Moses instructed the twelve spies he sent to scout the Promised Land to survey the land. Among the detailed instructions in this week’s parsha about the many features of the land, we finds the following: “Are there trees in it or not.?”
Commentators Raise the question: Moses already instructed them to determine whether the land was fertile. Of what import was the knowledge that there were trees? If the land was fertile, they could easily grow trees.
Furthermore, the actual Hebrew word that the Torah employs here is the singular eitz-tree and not the plural eitzim-trees.
In anticipation of these questions, Rashi—citing a Talmudic interpretation—explains this term figuratively. Moses asked them to see whether there was a worthy person, whose merit would protect them. Moses was, not discussing trees, but a person whose goodness will spread its protective branches over the people of the land.
Two questions still persist. First, why did Moses use a figure of speech, when he could have simply said, “see if there are any worthy or righteous people.”
Second, why did Moses have to instruct them to see whether there “was a tree or not.” It would have sufficed to say that they should see whether there was a tree? Why add the negative, “or not?
One interpretation is that there are two types of worthy people: One that is likened to a tree and the one who, though worthy and righteous, is not.
A tree does not exist for itself. Though it has deep roots and a sturdy trunk, its main function is that it provides shade with its many branches and leaves along with nourishment from its fruits. Moses knew that in a country as populous as Cana’an, there would inevitably be a few worthy people. That did not concern him. What he was concerned about was that there might be even one solitary worthy individual who behaves like a tree, who provides inspiration to others.
If there would be one individual whose entire life was devoted to providing comfort and spiritual nourishment to others, then Moses knew that this nation will be difficult to defeat. If, however, there were many righteous individuals who kept to themselves and exercised no influence on their fellow citizens, then there was nothing to worry about. Their worthiness would prove futile in the conquest of Cana’an.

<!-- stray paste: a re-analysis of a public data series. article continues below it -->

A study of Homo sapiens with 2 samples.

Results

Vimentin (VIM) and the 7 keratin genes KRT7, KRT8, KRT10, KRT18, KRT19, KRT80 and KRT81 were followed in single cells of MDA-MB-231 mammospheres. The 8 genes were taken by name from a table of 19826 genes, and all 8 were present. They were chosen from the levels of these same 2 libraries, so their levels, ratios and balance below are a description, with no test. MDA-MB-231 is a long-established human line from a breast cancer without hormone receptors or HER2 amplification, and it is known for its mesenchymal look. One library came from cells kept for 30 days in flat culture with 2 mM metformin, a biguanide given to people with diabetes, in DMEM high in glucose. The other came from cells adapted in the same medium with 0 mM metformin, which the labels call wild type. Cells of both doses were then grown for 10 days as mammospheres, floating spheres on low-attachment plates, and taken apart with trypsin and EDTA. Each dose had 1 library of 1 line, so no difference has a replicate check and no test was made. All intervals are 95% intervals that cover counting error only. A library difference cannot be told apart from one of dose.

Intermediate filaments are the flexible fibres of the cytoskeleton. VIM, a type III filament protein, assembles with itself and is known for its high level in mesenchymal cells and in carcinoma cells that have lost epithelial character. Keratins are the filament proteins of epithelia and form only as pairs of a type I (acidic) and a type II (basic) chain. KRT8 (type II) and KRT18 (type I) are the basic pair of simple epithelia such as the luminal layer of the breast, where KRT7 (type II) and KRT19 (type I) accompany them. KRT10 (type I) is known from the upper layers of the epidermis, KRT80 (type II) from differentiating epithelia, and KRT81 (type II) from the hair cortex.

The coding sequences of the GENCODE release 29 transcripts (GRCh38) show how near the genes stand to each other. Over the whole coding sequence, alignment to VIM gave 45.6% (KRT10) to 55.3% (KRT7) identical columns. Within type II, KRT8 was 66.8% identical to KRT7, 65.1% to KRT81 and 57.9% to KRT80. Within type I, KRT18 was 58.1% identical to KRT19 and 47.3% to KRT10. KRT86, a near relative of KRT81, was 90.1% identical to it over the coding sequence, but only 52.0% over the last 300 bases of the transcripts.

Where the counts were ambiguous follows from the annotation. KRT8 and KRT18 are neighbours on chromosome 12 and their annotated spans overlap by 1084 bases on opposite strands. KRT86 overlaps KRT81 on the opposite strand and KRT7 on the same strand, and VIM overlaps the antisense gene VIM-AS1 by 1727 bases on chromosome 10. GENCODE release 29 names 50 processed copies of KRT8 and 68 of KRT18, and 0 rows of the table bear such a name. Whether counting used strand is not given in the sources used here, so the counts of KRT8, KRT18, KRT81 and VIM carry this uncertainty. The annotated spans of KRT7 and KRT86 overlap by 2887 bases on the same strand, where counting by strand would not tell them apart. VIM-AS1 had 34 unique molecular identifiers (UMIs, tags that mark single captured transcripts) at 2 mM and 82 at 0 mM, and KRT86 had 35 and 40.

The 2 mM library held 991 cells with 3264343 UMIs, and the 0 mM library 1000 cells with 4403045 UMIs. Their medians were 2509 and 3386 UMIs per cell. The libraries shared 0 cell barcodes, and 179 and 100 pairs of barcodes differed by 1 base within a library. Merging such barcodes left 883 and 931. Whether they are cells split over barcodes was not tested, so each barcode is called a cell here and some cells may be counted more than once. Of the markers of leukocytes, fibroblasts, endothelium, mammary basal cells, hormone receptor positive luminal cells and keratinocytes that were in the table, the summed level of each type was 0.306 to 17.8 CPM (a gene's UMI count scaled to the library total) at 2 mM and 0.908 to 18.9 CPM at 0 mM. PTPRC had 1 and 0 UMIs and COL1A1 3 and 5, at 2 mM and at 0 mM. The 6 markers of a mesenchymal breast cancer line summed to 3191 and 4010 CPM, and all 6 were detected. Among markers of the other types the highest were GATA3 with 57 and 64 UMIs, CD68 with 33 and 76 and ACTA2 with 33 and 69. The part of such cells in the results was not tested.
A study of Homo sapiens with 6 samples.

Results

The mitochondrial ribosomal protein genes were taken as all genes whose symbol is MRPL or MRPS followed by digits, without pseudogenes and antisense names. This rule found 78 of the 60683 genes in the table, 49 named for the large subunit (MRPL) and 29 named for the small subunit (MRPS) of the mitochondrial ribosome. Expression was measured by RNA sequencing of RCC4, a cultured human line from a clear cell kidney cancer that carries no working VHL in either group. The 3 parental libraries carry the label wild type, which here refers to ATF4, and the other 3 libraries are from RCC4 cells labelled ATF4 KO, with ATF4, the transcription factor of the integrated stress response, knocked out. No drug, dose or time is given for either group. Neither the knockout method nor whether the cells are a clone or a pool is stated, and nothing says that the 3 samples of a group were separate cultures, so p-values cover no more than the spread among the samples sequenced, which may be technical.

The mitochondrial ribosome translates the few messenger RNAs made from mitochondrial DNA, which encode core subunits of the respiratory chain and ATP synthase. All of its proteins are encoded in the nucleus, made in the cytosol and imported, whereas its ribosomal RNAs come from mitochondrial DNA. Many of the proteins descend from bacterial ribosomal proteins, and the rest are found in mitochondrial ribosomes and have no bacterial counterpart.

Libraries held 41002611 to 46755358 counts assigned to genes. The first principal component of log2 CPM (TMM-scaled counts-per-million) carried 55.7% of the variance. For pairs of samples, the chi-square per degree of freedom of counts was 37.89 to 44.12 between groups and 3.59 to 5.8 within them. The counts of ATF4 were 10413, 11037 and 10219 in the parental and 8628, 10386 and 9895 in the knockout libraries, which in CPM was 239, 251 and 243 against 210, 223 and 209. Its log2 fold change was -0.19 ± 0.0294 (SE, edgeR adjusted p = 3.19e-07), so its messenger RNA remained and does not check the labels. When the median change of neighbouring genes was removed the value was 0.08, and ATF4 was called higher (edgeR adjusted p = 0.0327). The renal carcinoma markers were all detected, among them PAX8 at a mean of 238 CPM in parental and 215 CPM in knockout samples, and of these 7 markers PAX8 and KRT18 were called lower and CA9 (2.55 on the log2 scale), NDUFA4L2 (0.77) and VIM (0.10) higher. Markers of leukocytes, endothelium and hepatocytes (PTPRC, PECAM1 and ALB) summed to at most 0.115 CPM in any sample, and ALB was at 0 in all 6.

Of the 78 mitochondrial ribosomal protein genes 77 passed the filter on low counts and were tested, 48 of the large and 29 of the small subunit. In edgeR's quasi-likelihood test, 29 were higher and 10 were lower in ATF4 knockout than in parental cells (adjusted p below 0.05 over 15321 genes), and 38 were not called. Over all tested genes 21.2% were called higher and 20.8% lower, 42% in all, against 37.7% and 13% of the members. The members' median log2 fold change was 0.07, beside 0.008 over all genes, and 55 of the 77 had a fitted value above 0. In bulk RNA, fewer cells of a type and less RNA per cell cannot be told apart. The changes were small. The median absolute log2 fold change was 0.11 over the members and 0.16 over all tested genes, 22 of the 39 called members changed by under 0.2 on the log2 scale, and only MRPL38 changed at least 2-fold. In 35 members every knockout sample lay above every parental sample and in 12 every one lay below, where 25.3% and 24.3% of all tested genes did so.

On a deeper plane one could suggest that Moses was not presenting the spies with two scenarios: One that there was a worthy person, and two, that there was not. Rather Moses was adding clarification as to what constituted a tree, a real worthy individual who can protect his fellow countryman. Moses said they should see if there was a worthy person, who, as we stated before acts like a tree by showing concern for others.
However, that would not suffice. Not every community activist is an asset to the community. It depends on the motives of the community activist. If s/he is motivated by ego and the pursuit of honor, money and power, then the concern is tainted and the community will still be vulnerable.
If however the “tree,” the community activist is “not,” s/he is self effacing and humble, this is the type of leader that can protect his community and make them impervious to an attack from the outside.
Throughout Jewish history, the Jewish nation was blessed with true leaders, whose exclusive concern was the welfare of their community and of the entire Jewish nation.
Tomorrow, the 28th day of the Hebrew month of Sivan, is the 61st anniversary of the Lubavitcher Rebbe’s arrival in America, escaping the clutches of the Nazi regime in France. The Rebbe is known for his brilliant scholarship (over 200 volumes of his commentaries have been published to date!), as well as for many other monumental achievements. But, what many have noted as the Rebbe’s greatest contribution is his total self-sacrifice in the pursuit of leading and helping the Jewish people and indeed, all of humanity. The Rebbe did not rest, or let us rest,, until our mission of bringing the ultimate Redemption is realized.
But, as Rabbi Jonathan Sacks, the Chief Rabbi of England, who the Rebbe mentored, once remarked: The Rebbe did not cultivate followers, he cultivated leaders. The Rebbe’s greatest wish was and continues to be the cultivation of all of us to become the humble “tree” that provides comfort and nourishment to all those who are in need of it. This type of selfless leadership is what will render us impervious to the threat from our enemies from without and strengthen us from within, paving the way for the ultimate Redemption.